While on my mission to Samoa, I used a side-by-side, verse-by-verse comparison of English and Samoan copies of the Book of Mormon to help me learn Samoan. This practice helped immensely. If you are familiar with the movie the Other Side of Heaven, which was first a book, you will remember that Elder John Groberg had a particularly remarkable experience as he used his Tongan and English Bibles to help him learn Tongan. There is power in the word of God.
Bookslinger, the blogger in Indiana, has personally given out copies of the Book of Mormon in 56 different languages! Here's the list as it appears on Bookslinger's blog:
Afrikaans (South Africa), Albanian (Nov 2007), Amharic (Ethiopia), Arabic, Bengali (Bangladesh, India), Cambodian, Cebuano (Philippines), Croatian, Dutch, Chinese, English, Fante (Ghana), French, Greek, Haitian Creole, Hiligaynon (aka Ilonggo) (Philippines), Hindi (India), Hungarian, Igbo (Nigeria), Ilokano (Philippines), Indonesian, Italian, Japanese, Kisii (Kenya), Korean, Laotian, Latvian, Lingala (Democratic Republic of the Congo), Lithuanian, Mongolian, Navajo, Persian (aka Farsi) (Iran), Polish, Portuguese, Romanian, Russian, Samoan, Shona (Zimbabwe), Sinhala (India), Slovenian, Spanish, Swahili (Tanzania, Kenya), Tagalog (Philippines), Tamil (Sri Lanka, India), Telugu (India), Thai, Tongan, Tswana (Botswana), Turkish, Twi (Ghana), Ukrainian, Urdu (Pakistan), Vietnamese, Xhosa (South Africa), Yoruba (Nigeria), Zulu (South Africa).
I can't help but be impressed by his efforts. I'm sure that he's made a number of friends simply by showing that he cares, that he's interested in people, and that he wants them to have reading material in their native languages. I know the importance of that from personal experience.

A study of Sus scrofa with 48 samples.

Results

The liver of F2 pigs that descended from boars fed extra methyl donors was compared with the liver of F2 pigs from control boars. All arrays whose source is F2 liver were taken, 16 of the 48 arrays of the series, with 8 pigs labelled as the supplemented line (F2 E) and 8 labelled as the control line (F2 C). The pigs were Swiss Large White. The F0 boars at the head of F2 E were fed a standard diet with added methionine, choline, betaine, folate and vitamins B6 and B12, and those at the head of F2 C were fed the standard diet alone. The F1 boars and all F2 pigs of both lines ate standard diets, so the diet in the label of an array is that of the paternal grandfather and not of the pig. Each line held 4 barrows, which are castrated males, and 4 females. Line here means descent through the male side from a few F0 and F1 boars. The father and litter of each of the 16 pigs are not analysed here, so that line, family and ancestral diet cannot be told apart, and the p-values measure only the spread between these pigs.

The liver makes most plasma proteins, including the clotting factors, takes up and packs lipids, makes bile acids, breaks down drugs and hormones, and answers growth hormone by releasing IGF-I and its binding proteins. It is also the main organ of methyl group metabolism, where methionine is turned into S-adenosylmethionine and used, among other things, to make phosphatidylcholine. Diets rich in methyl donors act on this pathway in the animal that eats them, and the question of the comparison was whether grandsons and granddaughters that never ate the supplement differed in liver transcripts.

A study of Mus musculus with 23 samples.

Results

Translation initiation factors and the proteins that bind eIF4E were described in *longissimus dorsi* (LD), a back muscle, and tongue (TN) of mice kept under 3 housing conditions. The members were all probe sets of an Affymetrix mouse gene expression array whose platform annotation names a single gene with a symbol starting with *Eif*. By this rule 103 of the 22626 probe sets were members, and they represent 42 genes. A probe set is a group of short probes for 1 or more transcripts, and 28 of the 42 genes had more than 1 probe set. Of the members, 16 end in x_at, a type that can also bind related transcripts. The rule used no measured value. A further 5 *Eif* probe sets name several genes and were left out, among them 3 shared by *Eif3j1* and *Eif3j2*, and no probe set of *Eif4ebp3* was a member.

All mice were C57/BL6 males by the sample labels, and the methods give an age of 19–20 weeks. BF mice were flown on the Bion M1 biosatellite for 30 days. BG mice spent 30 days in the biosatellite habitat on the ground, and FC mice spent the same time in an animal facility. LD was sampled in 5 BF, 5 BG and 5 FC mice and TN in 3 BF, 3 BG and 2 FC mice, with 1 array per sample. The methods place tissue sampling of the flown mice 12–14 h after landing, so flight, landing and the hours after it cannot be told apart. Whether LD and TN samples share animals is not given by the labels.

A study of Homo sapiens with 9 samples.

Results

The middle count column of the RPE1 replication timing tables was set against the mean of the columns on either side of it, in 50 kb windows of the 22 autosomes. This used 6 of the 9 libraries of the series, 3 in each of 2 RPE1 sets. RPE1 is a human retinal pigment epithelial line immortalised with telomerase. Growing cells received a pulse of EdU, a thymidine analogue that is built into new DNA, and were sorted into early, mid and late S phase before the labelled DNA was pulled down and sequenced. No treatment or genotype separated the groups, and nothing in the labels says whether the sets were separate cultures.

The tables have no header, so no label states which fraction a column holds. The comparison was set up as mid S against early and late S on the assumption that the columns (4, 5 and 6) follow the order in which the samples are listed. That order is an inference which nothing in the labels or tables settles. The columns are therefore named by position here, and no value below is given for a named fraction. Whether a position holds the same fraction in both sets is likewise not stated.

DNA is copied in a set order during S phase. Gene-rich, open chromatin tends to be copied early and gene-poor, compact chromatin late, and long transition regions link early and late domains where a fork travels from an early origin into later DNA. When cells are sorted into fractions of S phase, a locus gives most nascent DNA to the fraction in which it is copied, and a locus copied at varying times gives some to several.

When I was in Samoa, I met an elderly man named Allen. He had been in the islands for decades but still didn't know much, if any, Samoan. He told Elder L. and me that he was a Southern Baptist and knew his Bible (which he did) and that he wasn't going to change religions. We visited him anyway because he liked to talk to us and we liked to hear him talk. He'd tell us about his life in Alaska and in Samoa. He once said that he'd read anything he could get in English, so we started taking him copies of the Church News. I explained to him that we weren't trying to push religion on him as much as we wanted to give him something to read. Many of the articles in the Church News are about men and women of Allen's generation. He did enjoy reading them. I never taught Allen a single lesson about The Church of Jesus Christ of Latter-day Saints per his suggestion that he wasn't going to change religions. But we became friends anyway.
Sometime after I was transferred out of the Pesega area in which Allen lived, I received the news that Allen had been baptized, he became a member of The Church of Jesus Christ of Latter-day Saints. As a 70 to 80 year old man Allen found a testimony of the restored gospel of Jesus Christ. He did so, in part, because he felt genuine concern for his well-being from a number of young men who represented Jesus Christ and who visited him regularly as friends.
I share this experience, and those of Bookslinger, to show that there really are no ulterior motives in sharing the gospel of Jesus Christ when we are motivated by a spirit of love and friendship.